Literature Study GuidesUtopiaBook 2 Chapter 9 Summary

Utopia | Study Guide

Sir Thomas More




Utopians are, by and large, religious people—but living in the New World, they are not Christians. According to Raphael, some worship "the sun, others the moon or one of the planets." Some worship great men of the past as deities. Most, however, worship "one eternal, invisible, infinite, and incomprehensible Deity" whom they called Mithras (the name of a Roman god).

Raphael describes himself as acting as a missionary by explaining Christianity to the Utopians. He says, "It is not to be imagined how inclined they were to receive it." He believes this inclination may be because the teachings of Jesus are similar in some ways to the philosophy of Utopia. Unfortunately, as neither Raphael nor his friends are priests, they were unable to give the sacrament to the new converts. The Utopians, however, decide they would choose one among themselves to be a priest, "even though he had no authority derived from the Pope."

Despite their positive reception of Christianity, however, Utopians are not willing to hear their own religions disputed. After one convert to Christianity calls Utopian rites "profane," he is banished from Utopia. Banishment was a punishment recommended by Utopus himself. Utopus thought that "different forms of religion might ... all come from God, who might ... be pleased with this variety." Utopus, Raphael says, "Thought it indecent and foolish ... to threaten and terrify another to make him believe what did not appear to him to be true."

Raphael goes on to describe Utopian priests and religious individuals who consecrate their lives to hard work. The priests are highly venerated, and they cannot be punished for any crime. The Utopians have "magnificent temples, that are not only nobly built, but extremely spacious." The temples have no images of god in them and are open to all worshippers no matter whom or what they worship. Everyone refers to their god as Mithras, "by which they all express the Divine Essence, whatsoever otherwise they think it to be."

At the end of this chapter, Raphael gives a long monologue in which he presents his ideas of the world as they relate to his experiences in Utopia. He describes all other governments as "a conspiracy of the rich, who, on pretense of managing the public, only pursue their private ends." He argues Utopian values are the most likely to lead to happiness. He says pride alone keeps other nations from acknowledging the wisdom of Utopia. He explains, "Pride thinks its own happiness shines the brighter, by comparing it with the misfortunes of other persons." He compares pride to the snake from the story of Genesis.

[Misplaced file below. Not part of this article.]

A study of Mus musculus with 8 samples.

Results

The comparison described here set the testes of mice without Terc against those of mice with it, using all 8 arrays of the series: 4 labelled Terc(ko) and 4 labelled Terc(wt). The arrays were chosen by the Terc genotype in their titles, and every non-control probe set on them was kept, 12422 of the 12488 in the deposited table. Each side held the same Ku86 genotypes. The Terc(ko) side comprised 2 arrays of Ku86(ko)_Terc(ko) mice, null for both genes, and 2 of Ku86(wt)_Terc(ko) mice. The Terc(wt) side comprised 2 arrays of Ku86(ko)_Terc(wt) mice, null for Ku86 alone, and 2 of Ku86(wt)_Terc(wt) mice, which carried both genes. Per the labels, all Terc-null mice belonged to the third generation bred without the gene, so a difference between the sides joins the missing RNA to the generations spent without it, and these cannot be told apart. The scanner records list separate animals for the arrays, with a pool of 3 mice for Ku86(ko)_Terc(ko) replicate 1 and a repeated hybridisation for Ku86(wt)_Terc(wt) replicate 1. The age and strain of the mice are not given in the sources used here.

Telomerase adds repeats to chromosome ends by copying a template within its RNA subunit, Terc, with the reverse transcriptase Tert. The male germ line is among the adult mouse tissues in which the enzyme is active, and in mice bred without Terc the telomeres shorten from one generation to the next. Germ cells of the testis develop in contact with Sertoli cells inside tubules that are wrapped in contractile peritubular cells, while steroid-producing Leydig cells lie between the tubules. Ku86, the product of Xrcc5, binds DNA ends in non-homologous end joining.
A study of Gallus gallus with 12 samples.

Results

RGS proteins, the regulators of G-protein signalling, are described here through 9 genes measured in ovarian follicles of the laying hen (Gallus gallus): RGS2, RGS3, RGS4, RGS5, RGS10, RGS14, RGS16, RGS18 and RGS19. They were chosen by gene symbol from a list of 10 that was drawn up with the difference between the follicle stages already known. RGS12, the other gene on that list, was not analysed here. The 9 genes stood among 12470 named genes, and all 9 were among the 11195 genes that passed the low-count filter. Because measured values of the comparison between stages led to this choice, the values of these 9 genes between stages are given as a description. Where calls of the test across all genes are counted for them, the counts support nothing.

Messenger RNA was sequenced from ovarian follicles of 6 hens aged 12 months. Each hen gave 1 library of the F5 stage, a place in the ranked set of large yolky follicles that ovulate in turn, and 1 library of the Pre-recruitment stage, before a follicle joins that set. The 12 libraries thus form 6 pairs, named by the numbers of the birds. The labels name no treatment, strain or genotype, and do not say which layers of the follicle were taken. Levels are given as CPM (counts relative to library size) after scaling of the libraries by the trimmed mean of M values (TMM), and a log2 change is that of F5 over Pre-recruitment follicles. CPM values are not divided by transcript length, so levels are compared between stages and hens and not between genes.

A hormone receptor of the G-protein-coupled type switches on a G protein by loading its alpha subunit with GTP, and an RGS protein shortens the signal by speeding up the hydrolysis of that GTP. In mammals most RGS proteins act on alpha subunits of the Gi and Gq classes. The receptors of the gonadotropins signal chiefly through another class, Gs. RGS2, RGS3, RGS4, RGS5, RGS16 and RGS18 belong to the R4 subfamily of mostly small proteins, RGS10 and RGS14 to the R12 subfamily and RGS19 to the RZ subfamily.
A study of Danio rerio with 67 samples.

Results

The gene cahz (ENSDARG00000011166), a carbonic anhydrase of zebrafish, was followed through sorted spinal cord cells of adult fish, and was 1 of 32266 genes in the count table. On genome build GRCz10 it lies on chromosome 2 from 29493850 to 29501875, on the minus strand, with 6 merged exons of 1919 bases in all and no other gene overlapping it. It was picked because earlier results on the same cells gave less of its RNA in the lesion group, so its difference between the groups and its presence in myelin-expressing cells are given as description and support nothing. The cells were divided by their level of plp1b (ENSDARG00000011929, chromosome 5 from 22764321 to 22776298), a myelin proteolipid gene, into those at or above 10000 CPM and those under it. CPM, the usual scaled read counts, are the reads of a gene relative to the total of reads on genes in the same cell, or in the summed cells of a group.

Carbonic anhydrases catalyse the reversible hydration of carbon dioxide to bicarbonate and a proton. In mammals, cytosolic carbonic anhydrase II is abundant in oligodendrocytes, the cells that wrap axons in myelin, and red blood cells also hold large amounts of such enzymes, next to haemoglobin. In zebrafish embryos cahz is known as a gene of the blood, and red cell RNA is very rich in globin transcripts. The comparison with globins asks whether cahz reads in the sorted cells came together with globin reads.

The character of More then reflects on what he has heard. He describes "the manners and laws of that people" of Utopia as very absurd. He also considers absurd "their way of making war, as in their notions of religion and divine matters." He is particularly critical of the idea of sharing goods in common without money. He says the nobility, magnificence, splendor, and majesty "which, according to the common opinion, are the true ornaments of a nation, would be quite taken away." Nevertheless, he concludes, "There are many things in the commonwealth of Utopia that I rather wish, than hope, to see followed in our governments."


The Utopian religion is, of course, very different from More's devoted Catholicism. It does, however, reflect More's own unique combination of faith, realism, and humanism. The real Thomas More would not approve the Utopian plan of sanctifying priests without papal authority. However, he would certainly support their apparently pure and simple faith in the "Divine Essence."

One of the most significant reasons for the Protestant Reformation related to the issues described in Utopia exactly. The main issue was the greed of both the Church and the monarchy for riches and glory. The Church sold "indulgences" that were essentially "get out of Hell free cards" to the wealthy who could afford to pay for them. Though More could not find it in himself to support the Reformation, he himself wrote in protest against some of the practices of the Church.

More also includes some of the traditions and practices of the Catholic Church in his description of the Utopian religion. The temples, the self-denying religious individuals, the highly regarded priests, and giving up worldly goods are all part of the Catholicism he loved.

Raphael's diatribe against the Church and monarchy is blunt and strongly worded. Presumably, it includes some kernels of More's own beliefs. More, however, is careful to include a conclusion that distances his own ideas from those of Raphael—though some of his comments are tongue in cheek.